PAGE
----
Who You Calling “Slut”?

“When you judge someone, it doesn’t define the person you’re judging – it defines you.”
Tulisa Contostavlos (story in The Guardian)

A few months ago I had a Twitter exchange with a woman in the tech industry, who wrote that girls the age of her teenage son should not be allowed dress like “skanks”. I assumed it was her son who defined them thus, and gently suggested that he should be taught not to use such terms. She replied that it was herself, not her son, who made this judgement. Her son, she added, being a teenager, was happy for them to dress that way.

I resisted the impulse to argue, because I may have to deal with this woman professionally someday. But it saddens and angers me that so many are prepared to pass judgement on other women based on their mode of dress and their (real or perceived) social and sexual comportment.

I’ve lived in places where women are judged far more harshly, and consequences for “transgression” can be severe. In Bangladesh, I was appalled that most of women on the street – and they were few – were covered head to toe in black burqas, only their eyes barely visible through black mesh. Though I was a skinny, innocent 14 year old, uninteresting to the average male gaze in my own country, in Bangladesh I didn’t feel safe, exposed to the eyes of men who assumed that any woman not completely covered up was somehow sexually available. So I dressed conservatively, by American standards (covered to the ankles – in tropical heat), and never went out alone.

Once I took a bicycle rickshaw somewhere with a woman friend. We were puzzled as to why the driver was pedaling so erratically, stopping and starting and weaving all over the road. We finally realized that he was masturbating furiously through his lunghi – apparently irresistibly turned on by the sight of our (not very) naked flesh – or by whatever fantasies and assumptions he entertained about unchaperoned foreign females. Had I or my friend been alone with him, we might have been in danger. By our own cultural norms we were modestly dressed: long skirts or trousers, loose, high-necked blouses. But those same clothes, in the eyes of the rickshaw driver, branded us as available sexual objects:  our hair, faces, and arms were uncovered! Obviously, we were sluts, and lucky that we got no worse than a display of public masturbation.

In some countries, particularly those under Islamic law, it’s considered sluttish behavior for a woman to ride in a car or speak with a man who is not a relative, and punishments can be severe. Many girls worldwide have been murdered by their own families for “dishonoring” them by falling in love with the “wrong” men.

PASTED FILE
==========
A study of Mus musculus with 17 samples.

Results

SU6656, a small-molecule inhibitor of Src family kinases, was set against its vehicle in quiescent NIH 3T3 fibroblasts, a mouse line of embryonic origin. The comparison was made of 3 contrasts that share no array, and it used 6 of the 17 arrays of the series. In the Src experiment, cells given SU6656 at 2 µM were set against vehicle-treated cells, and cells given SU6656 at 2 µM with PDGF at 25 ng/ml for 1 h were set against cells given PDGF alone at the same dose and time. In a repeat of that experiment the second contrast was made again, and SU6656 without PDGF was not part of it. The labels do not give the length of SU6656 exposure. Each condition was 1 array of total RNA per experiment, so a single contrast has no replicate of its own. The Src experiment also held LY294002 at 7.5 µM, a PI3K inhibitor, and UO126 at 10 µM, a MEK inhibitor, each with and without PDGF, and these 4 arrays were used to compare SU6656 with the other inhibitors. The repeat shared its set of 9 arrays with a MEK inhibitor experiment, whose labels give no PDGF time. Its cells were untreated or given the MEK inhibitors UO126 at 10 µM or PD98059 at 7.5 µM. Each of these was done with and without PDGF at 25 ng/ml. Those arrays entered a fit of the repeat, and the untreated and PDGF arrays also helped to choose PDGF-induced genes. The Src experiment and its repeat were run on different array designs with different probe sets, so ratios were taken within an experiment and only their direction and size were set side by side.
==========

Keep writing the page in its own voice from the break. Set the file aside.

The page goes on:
So, to define a girl or woman as a “skank” or “slut” is not just insulting: it implies a threat of physical harm as punishment for her “transgressive” behavior. Even in America, how many times have we heard – even from authority figures – that a woman “deserved what she got” because she was in the wrong place, dressed the wrong way, behaved provocatively? When you call a woman a slut, you have judged and condemned her to… whatever she gets.

Most Americans reading this were probably shocked and disgusted at the rickshaw driver’s behavior I described, but your definition of “slut” comes from your culture, just as much as his did. I don’t necessarily agree with any of you. Actually: your right to have an opinion ends where my body begins.

If you think you’re more civilized or enlightened than that rickshaw driver was, then it’s time for you to stop judging girls and women based on their dress or sexual behavior. Who a woman has sex with is none of your damned business. The idea that it might be comes from the notion that women are property, whose ability to bear children must be kept safe for a socially-approved man.

Legally and culturally, most of the people likely to read this page should be well past that. It therefore follows that you should not be using words like “slut” to threaten, shame, control, and silence women. Or you’re really not so different from that illiterate, ignorant rickshaw driver on the streets of Bangladesh.

 

Thanks to Brendan for insightful comments during the writing of this piece.

further reading:

2 thoughts on “Who You Calling “Slut”?

  1. ty_a

    I stumbled on this blog from joyent > twitter > here.

    This is a well thought out position. I have experience myself in Muslim countries where the women are covered head to toe. The explanation they give is that they are assuring the sanctity of women by covering them. Essentially what they are doing is taking away every form of self expression in an effort to “protect” them. It’s all BS of course because the women in those places have no real safety, as they are more or less chattel. What’s saddest of all is that it’s really the women (though brainwashed) that enforce those rules. It’s culturally enforced self-attack.

    I’d really recommend watching this Vice News short film on bride kidnapping in Kyrgyzstan for someone that is unaware to really understand the role of women in Muslim cultures:

    http://www.vice.com/vice-news/bride-kidnapping-in-kyrgyzstan-full-length

    Things are quite different in the West of course. I think in visual film terms on lots of things. I think that one of the best examples of how things have changed is if you watch a film like Coma (1978). The protagonist is a female surgeon, during the film (and novel) she is trying to solve unexplained deaths. Even though she is obviously capable enough to become a surgeon, all the men think that she is hysterical and imagining all the things she’s discovered. So to a contemporary viewer, the stereotypes might have made more sense. To a modern viewer I think that the behavior of the men in the movie would be seen as pretty stupid. Shows how things have changed in just a generation or two.

    Anyway, good article to read. Hope I’ve added something.